I first became interested in the low uptake of family planning in Uganda, when I visited an educational project in the south west corner of Uganda, near the border with both the Congo and Rwanda.
I had been wondering how a UK GP could make contribution to the desperate shortage of trained health workers, and the evidence of schools bursting at the seams, was my first realisation of the demographic time bomb threatening sub- Saharan Africa.
Low contraception use
The average Ugandan woman in this rural part of Uganda has six children. Many have more than ten. I assumed that they must feel exhausted and be desperate to limit their family size. Yet in sub-Saharan Africa only a quarter of women of child bearing age use contraception. This compares with the rest of the world where between two thirds and three quarters of women use it.
Why? Is it because large families are needed? Yes, partly. If you are scratching a living on a hillside where the soil is poor, you need child labour. In some parts of the world, children will have earned their keep by the time they are 12 years old.
Is it because they are fearful their children won’t survive to be able to look after them in their old age? Yes, although infant mortality is now rapidly dropping. By far the most common reason women give for not using family planning, is fear of side effects. Most people have had little contact with health workers, and the idea of doing anything that affects the natural function of their bodies feels very alien.
Yet Ugandan women admit to have nearly two more children than they actually want. Thousands of women die each year in their attempts to rid themselves of unwanted pregnancies. The maternal mortality rate remains stubbornly high, with 25% of these tragic deaths being due to unsafe abortions.
What is U-SHAPE?
Since 2013, we have been developing training in family planning for health workers, and in sex education for teachers. The project U-SHAPE (Ugandan Sexual Health and Pastoral Education) uses the skills of volunteer doctors and teachers to facilitate a training cascade aiming to disseminate positive messages about modern contraception in an attempt to dispel fears and misconceptions and address high rate of unmet need for family planning.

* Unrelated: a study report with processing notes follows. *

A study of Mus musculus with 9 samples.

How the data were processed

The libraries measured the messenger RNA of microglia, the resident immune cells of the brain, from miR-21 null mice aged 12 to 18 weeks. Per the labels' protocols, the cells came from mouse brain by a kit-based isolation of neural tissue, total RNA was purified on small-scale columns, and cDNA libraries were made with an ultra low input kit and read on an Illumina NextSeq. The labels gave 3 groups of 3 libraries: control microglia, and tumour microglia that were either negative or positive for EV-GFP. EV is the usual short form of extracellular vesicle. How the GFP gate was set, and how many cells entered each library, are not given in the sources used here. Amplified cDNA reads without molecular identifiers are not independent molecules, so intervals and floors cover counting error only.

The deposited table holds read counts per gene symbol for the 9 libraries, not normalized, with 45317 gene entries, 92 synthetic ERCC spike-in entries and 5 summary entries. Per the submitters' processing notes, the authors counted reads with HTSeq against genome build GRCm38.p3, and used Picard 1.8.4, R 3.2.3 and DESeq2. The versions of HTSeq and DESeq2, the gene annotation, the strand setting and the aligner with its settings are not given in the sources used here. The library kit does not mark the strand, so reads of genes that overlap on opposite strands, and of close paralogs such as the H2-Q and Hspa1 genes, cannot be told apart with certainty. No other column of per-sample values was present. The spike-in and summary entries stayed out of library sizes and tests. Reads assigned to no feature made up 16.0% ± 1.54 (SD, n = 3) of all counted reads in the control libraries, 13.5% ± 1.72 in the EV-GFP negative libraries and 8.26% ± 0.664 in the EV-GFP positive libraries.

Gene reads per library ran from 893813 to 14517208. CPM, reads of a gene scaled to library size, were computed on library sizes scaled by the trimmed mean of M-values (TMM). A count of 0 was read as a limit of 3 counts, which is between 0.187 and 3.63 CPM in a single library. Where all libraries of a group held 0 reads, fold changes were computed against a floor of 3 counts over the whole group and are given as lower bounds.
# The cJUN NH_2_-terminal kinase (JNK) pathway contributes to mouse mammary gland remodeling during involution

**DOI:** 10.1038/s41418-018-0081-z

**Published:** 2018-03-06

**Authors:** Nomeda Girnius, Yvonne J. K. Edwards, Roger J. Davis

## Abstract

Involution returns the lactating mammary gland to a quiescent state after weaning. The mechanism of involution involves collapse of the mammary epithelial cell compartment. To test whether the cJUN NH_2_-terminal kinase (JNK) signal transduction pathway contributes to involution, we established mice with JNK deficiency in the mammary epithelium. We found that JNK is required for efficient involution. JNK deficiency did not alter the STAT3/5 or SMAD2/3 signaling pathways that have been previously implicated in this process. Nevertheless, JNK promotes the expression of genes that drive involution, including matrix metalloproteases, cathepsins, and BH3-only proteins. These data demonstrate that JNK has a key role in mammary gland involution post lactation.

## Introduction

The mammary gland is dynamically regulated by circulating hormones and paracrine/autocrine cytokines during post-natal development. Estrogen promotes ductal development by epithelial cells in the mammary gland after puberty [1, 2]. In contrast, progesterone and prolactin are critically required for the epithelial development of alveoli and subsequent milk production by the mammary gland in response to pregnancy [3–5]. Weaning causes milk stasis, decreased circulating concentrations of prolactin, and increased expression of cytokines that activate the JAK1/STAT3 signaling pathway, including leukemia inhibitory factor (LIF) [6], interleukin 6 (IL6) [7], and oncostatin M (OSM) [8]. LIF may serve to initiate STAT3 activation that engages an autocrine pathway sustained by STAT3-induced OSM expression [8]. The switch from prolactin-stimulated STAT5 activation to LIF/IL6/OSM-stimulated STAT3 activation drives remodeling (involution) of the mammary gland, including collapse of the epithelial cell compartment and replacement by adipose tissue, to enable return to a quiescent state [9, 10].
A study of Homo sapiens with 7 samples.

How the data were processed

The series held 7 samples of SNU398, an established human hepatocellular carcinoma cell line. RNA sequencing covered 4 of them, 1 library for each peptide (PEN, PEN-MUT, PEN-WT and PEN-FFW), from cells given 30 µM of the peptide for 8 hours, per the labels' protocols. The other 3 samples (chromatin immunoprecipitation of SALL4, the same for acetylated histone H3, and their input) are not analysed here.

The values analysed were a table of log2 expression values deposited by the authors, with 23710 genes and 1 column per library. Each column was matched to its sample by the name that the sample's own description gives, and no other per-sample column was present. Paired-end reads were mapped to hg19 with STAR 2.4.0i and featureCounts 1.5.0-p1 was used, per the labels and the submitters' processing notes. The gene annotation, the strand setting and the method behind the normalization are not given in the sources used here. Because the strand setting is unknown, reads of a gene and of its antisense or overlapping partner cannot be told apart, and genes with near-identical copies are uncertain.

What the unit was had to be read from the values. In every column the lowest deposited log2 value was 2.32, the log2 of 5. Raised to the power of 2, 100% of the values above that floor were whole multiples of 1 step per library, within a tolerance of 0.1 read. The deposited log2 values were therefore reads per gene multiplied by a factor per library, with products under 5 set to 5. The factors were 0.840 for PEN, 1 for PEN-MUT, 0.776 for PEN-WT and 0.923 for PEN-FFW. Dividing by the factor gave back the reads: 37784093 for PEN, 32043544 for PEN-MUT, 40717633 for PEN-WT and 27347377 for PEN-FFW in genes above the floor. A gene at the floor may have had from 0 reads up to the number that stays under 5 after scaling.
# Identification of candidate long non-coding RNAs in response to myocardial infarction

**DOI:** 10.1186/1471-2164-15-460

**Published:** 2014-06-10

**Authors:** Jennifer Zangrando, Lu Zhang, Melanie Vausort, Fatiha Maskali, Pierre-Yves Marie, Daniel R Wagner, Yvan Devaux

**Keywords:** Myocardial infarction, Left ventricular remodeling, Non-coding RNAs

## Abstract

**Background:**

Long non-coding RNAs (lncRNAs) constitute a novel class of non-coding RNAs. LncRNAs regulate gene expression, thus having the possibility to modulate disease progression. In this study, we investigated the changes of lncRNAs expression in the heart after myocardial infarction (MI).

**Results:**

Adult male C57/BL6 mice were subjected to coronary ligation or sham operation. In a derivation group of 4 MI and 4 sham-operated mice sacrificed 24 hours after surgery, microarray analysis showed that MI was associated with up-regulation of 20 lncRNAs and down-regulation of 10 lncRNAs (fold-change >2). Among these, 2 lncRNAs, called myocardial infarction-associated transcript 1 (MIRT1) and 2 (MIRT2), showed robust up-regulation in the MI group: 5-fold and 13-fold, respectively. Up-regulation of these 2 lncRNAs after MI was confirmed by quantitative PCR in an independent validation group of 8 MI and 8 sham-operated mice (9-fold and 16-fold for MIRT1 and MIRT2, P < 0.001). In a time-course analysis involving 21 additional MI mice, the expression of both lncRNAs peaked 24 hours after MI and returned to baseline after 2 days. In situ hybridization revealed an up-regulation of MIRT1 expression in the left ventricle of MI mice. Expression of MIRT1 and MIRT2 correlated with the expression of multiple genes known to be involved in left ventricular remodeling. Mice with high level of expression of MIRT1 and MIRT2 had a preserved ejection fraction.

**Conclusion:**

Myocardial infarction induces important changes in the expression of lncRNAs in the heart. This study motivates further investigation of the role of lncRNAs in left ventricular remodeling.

We are supported by the Tropical Health & Education Trust (THET) as part of the Health Partnership Scheme, which is funded by the UK Department for International Development (DFID). We are also featured as a ‘success story’ on the WHO family planning website.
To date, we have trained more that 180 health workers to a basic level and equipped nearly 130 with the skills and knowledge to work as family planning providers.
Our ‘whole institution’ approach to training has led to service developments including screening for unmet need for contraception with the target to reduce this from 40% to 20%. In addition to health workers giving talks in churches and villages, 60 primary school teachers meet quarterly for training to help reduce teenage pregnancies and HIV transmission.
Volunteering for U-SHAPE
Dr Emily Clark was acutely aware of the need for family planning while volunteering at the neighbouring Kisiizi Hospital. Unmet need was measured at 51%, but she found beliefs around family planning encompassed not only religious and cultural ideals, but also factors in gender roles, family values and health beliefs.
‘My enthusiasm was sparked by hearing of the work of U-SHAPE, and with their support, we were able to learn from their experience to carry the U-SHAPE initiative forward with great momentum to Kisiizi hospital,’ she says.
We are working with the RCGP to give UK family doctors the opportunity to train Ugandan U-SHAPE trainers. So far, 11 RCGP members have been working with us, and several more are planning to take the ideas beyond Uganda. Most volunteers work for a year, but there will be opportunities for shorter terms, particularly if you have had some prior experience in Africa.
If you are interested in volunteering for U-SHAPE you can find out more on the RCGP website here. The closing date for volunteers starting this summer is Friday 29 January. You can also visit the U-SHAPE website.
- Dr Clare Goodheart is a GP in Cambridge and RCGP clinical lead for the U-Shape Project.
Previous volunteers Dr Claire Marie Thomas and Dr Ceri Gullivan have produced the video below about working with U-SHAPE.